Is That R2-D2? Nope, It’s a Food Delivery Robot
Self-driving mini meal carts are now zipping around Mosaic with takeout in tow. 🥗
The next time you’re strolling down the sidewalk at Mosaic, you might happen upon a cute and compact cart that looks like it’s playing capture the flag on wheels.
Meet a new fleet of food-delivery robots from Uber Eats and Cartken, an Oakland, California-based robotics company that employs artificial intelligence to power the mini vehicles.
In a service that rolled out last month, select restaurants at the Fairfax/Merrifield shopping center are now offering customers the option of receiving their miso soup, margherita pizzas and mojito smoothies via self-driving robots.
“Our partnership with Uber Eats and Cartken brings convenience to Mosaic through cutting-edge technology,” says Greg Dercach, vice president of property management for Edens, Mosaic’s developer. “For residents and visitors alike, this new delivery service is a great fit for those looking for a fun and convenient way to enjoy their next meal while spending time with us.”
Here’s how the service works: When you place an order with a participating restaurant via the Uber Eats app, a prompt alerts you if robot delivery is available. Customers can proceed, or opt out if they’d prefer human delivery. The app notifies you when your order has been picked up from the restaurant and when it has arrived at your location, providing a code that allows you to unlock the robot and retrieve your carry-out. Paid a tip by accident? If a robot delivers your order, your tip is refunded.
The robots are electric and use sensors, cameras and AI technology that can detect aspects of their surroundings, such as nearby pedestrians, vehicles and crosswalks. Robotics are also being employed by companies such as DoorDash, Domino’s, Kroger and FedEx. (Amazon halted its Scout delivery service several months ago after the bots “weren’t meeting customers’ needs.”)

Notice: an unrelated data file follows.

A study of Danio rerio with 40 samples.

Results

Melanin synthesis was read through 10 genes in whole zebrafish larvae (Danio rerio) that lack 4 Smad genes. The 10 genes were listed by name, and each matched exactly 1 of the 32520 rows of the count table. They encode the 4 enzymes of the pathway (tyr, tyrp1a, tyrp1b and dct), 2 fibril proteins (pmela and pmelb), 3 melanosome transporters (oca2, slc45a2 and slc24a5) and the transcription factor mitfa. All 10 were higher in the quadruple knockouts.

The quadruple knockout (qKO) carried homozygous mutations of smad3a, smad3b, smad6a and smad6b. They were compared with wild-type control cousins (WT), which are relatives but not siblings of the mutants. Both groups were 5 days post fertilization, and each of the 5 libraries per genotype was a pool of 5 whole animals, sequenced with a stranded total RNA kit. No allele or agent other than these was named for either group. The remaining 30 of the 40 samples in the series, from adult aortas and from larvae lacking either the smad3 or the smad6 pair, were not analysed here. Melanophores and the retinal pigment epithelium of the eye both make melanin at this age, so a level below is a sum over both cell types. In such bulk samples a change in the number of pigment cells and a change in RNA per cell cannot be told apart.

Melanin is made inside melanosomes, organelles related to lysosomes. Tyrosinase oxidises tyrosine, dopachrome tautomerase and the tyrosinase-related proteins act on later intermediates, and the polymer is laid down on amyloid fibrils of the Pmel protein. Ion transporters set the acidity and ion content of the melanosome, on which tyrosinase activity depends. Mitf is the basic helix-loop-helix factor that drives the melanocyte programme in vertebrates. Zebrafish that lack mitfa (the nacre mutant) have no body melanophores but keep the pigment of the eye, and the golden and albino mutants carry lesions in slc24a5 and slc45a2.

Cartken has also partnered with food-delivery platforms in Tucson, Arizona, and Miami, Florida. The robot food-delivery sector is projected to be worth some $1 billion in revenue by 2026.
Edens, which owns and operates several dozen properties in the D.C. area and throughout the country—including shopping centers in Alexandria, Falls Church and Tysons—currently features robot food-delivery exclusively at Mosaic. Though it’s the company’s first such venture, it may not be the last.
“We are evaluating opportunities like this to provide the best possible experience for our communities,” Dercach says.
Mosaic is currently the only location in the D.C. area where Uber Eats is employing robot delivery, according to a spokesperson for the delivery platform. Though the proliferation of AI technology could potentially supplant human workers, the company is not concerned about that possibility. Rather, Uber Eats sees autonomous deliveries as a component that—along with drivers and other couriers—can expand its service and bring in more restaurants and consumers.
For local pizza purveyor Pupatella, the delivery droid option has so far launched without a hitch.
“The program is still ramping up, so we expect deliveries to pick up with robots over the coming weeks,” says Michael Berger, a managing partner with the homegrown pizzeria chain. “We’re excited to bring more Mosaic residents our pizzas.”
If Uber Eats were to expand the service, he says Pupatella would be “very interested” in adding robot delivery to its other locations in Arlington and beyond.